If it weren't for a Vienna, Ill., woman's quick thinking, she and
her husband might both be dead. At approximately 11:30 p.m., Albert
Rolens heard his dogs barking and went to investigate, finding a
partially opened sliding door. When he reached to close it, a man
wearing a stocking cap, gloves and a large coat thrust a rifle
through the open door and forced his way inside. The intruder
instructed Rolens to wake his wife and unplug the telephones. The
couple told the intruder to leave, but he refused to go without
their granddaughter, his former girlfriend. After several tense
minutes, Mrs. Rolens convinced the intruder to let her husband go to
the bathroom to take some medication. Once there, Albert entered an
attached bedroom and retrieved his .45-cal. revolver, which he
pointed at the man, again telling him to leave. When Mrs. Rolens
grabbed a cell phone and ran to call 9-1-1, the intruder darted
after her. Fearing for his wife's safety, Albert shot the gunman
once in the head, killing him.
On March 16, 2017, the Seattle Times reported that Seattle city officials were reluctant to release data on the revenue generated by the city’s firearms and ammunition tax, citing taxpayer confidentiality concerns. Less than a ...
Today, LRB 2039/1 was introduced to the Wisconsin State Legislature. This Right to Carry bill would allow for the concealed carry of a firearm without a concealed carry license anywhere in the state where an ...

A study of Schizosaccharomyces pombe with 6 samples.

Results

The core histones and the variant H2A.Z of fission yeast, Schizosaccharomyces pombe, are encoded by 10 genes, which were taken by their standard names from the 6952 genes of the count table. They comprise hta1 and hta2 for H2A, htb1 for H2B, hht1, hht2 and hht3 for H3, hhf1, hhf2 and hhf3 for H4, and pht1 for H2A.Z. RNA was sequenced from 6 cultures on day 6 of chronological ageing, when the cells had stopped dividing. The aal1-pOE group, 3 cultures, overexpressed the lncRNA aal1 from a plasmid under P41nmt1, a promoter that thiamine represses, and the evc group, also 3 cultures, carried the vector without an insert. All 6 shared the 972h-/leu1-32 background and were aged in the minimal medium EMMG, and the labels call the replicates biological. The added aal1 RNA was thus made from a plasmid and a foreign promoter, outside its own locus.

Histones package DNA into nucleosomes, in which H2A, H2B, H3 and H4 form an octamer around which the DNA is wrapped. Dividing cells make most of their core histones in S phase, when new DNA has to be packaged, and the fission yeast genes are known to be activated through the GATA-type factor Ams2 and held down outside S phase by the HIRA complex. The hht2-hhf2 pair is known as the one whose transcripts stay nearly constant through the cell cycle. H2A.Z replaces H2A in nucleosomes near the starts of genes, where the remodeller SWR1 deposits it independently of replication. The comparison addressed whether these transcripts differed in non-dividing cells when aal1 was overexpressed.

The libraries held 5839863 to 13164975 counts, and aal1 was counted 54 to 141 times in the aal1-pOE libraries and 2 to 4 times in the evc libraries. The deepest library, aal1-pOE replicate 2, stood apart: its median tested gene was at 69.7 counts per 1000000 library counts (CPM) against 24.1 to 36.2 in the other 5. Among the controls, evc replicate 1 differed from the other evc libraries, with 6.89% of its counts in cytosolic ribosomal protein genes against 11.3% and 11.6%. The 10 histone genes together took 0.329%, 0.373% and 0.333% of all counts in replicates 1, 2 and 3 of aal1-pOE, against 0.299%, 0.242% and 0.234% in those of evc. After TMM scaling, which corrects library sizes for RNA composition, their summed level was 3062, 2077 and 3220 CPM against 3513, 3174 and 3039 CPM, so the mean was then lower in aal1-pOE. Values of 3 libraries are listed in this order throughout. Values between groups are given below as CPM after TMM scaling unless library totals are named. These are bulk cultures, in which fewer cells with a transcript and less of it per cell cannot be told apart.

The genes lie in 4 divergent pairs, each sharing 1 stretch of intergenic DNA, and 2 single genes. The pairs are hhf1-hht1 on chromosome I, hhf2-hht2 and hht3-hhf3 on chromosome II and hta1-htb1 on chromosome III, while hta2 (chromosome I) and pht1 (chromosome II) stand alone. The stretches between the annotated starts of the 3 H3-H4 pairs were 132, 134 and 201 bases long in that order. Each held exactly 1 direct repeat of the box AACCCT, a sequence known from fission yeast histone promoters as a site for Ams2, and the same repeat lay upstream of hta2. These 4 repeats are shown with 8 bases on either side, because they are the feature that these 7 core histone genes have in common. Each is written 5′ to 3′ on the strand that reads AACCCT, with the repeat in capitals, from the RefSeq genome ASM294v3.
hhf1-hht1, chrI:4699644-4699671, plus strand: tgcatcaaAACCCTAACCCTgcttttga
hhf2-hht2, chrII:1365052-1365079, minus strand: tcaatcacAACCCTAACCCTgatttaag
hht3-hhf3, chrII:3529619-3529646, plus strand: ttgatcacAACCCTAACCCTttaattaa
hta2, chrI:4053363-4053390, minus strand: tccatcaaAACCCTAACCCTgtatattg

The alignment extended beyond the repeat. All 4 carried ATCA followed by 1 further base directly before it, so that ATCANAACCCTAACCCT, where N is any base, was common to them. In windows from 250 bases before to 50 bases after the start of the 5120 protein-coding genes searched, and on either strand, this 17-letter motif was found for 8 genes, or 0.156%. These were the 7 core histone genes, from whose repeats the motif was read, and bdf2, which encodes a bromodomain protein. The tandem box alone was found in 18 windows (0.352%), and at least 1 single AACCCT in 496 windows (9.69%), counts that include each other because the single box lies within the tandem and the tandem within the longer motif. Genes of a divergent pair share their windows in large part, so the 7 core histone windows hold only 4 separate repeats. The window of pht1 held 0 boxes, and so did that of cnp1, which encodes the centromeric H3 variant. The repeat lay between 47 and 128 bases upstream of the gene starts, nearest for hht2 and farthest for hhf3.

Judge Neil M. Gorsuch, President Trump’s pick to replace the late Justice Antonin Scalia on the U.S. Supreme court, asserted during his confirmation hearings this week that Scalia’s landmark Second Amendment opinion in District of ...
Last week, we wrote about Americans for Responsible Solutions’ irresponsible misinformation about The Hearing Protection Act on Twitter. Apparently, we weren’t the only ones who took notice of ARS’s complete disregard for the facts on ...
Today, Tuesday, March 28, anti-gun SB 497, was scheduled to be heard in the Senate Public Safety Committee. At the last minute, the bill was pulled from today's agenda. Thank you to all who contacted the ...
The National Rifle Association Institute for Legislative Action applauds the Texas Senate today for passing Senate Bill 16, legislation that substantially reduces License To Carry fees in the Lone Star state.
Established in 1975, the Institute for Legislative Action (ILA) is the "lobbying" arm of the National Rifle Association of America. ILA is responsible for preserving the right of all law-abiding individuals in the legislative, political, and legal arenas, to purchase, possess and use firearms for legitimate purposes as guaranteed by the Second Amendment to the U.S. Constitution.